A mostly millennial workforce is the powerhouse behind a Philadelphia-headquartered national retail company. But company officials worry that workforce isn’t taking enough advantage of the wellness and prevention programs their health insurer, Independence Blue Cross (Independence), offers to prevent or slow the progress of chronic disease - conditions that could affect their quality of life years down the road.
One of Independence’s core strengths is helping employers engage employees in these programs, says Koleen Cavanaugh, vice president of marketing for Independence. Bringing that strength to the table is more important than ever.
New data from the Blue Cross Blue Shield Association, The Health of America report® about a national trend supports what this employer is seeing play out in their workforce: millennials are not as healthy as some might think. Rates of chronic diseases like diabetes as well as depression and other mental illnesses are higher among this generation than they were among Gen Xers at the same age. Prevention, early detection and management—something as simple as an annual physical or sticking with a doctor’s plan—can make the difference.
Using data to engage millennials in care
“The philosophy we have is to open up that communication channel, to help people understand the resources that are available to them as a part of their health insurance,” says Cavanaugh.
Through IBX WireTM, Independence can send a text or an email notifying a member that they have a private message. Members click through to a HIPAA-compliant website, where the health plan offers personalized resources and the tools to take action on recommendations. Data from medical claims—about what a member has or hasn’t been seen for—can trigger more than 85 different, customized messages designed to help members stay healthy and make the most of their benefits.
If they’d like a diabetes coach, there’s a button to click to call one. If they have a primary care doctor, they can schedule a checkup, and if not, they can get help finding one. For members with asthma who may not have filled a prescription for their medication, for example, the message emphasizes the importance of keeping up with the regimen.
But are millennials opting in for those messages, clicking through and taking action?
Reaching millennials in their own language
Compared to their older colleagues, the answer is mixed, says Cavanaugh’s colleague Erin Thurston, director of member marketing. She ran the numbers.
“While millennials are a few percentage points more likely to opt in for text messages than email,” says Thurston, “they are 7 percent less likely to click through those text notifications than older coworkers.” Millennials are more likely to open emails than non-millennials, says Thurston. “But once they open those emails, millennials take action 4 percent less of the time,” she says. However, millennials who know they already have a chronic condition are more likely to engage.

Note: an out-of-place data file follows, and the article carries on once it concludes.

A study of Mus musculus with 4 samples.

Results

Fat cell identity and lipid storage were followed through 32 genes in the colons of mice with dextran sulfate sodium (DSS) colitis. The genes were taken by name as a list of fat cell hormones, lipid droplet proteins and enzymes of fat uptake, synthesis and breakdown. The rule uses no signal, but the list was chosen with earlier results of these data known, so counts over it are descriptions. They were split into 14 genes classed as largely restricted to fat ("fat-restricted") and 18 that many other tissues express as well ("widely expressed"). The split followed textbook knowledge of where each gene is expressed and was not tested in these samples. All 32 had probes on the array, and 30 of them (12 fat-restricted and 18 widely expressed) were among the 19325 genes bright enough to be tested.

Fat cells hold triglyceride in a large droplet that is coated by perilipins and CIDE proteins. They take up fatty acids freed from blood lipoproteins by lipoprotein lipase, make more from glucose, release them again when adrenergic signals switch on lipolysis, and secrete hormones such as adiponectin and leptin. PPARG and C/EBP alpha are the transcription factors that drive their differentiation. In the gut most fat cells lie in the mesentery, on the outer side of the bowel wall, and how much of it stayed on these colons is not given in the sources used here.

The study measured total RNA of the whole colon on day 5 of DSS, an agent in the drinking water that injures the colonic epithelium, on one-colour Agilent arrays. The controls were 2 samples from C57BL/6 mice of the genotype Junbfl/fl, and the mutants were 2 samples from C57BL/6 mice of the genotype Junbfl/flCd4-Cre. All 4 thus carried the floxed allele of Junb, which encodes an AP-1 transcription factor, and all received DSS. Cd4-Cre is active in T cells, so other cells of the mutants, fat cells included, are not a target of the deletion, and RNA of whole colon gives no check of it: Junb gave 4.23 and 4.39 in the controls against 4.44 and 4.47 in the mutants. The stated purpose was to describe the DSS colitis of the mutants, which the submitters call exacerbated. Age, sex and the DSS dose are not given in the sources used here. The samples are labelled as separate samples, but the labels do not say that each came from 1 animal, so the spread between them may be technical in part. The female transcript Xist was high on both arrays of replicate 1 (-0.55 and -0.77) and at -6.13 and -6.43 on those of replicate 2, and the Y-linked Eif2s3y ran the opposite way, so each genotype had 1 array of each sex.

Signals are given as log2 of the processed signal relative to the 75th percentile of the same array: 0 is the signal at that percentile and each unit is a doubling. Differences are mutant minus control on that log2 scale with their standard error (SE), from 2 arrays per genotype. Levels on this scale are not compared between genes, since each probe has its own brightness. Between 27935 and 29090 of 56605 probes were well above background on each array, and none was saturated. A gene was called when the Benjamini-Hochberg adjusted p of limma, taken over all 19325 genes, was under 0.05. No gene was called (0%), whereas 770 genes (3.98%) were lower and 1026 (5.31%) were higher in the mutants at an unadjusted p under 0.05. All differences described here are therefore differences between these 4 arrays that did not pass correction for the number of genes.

Cathleen Bernard, RN, an Independence case and condition management manager, and Christine Young, RN, an Independence customer information consultant, work with the retailer to help them understand how their workforce is using benefits and what might make them healthier.
“I go out quarterly and take a look at their data for the previous quarter,” says Young. “What we have found is that they’re not taking advantage of all these programs available to them.” What does Young make of that? One possibility, she says, is that “in the millennial’s mind, if they don’t have a chronic condition yet, they don’t see themselves as needing to get preventive care.”
Adapting to a unique company culture
So Independence is working with the employer to find ways to change that perception. The idea is to mesh efforts with the company’s culture. Instead of flyers with comprehensive information about wellness programs in employee workspaces, the retailer thought something more minimal, graphic, and inviting would work better. Independence worked with the team to redesign the messages and is testing the effectiveness. Young says the health plan continues to work closely with the retailer’s human resources team to analyze claims data and fine tune approaches that will engage employees in preventive and wellness opportunities.
“They want their members to utilize their benefits,” says Young. “They understand that pre-diabetes, for example, is the tip of the iceberg and that prevention can not only keep their workforce healthier but keep costs down for everyone in the long term.”
Independence Blue Cross is an independent licensee of the Blue Cross Blue Shield Association, an association of independent, locally operated Blue Cross and Blue Shield companies.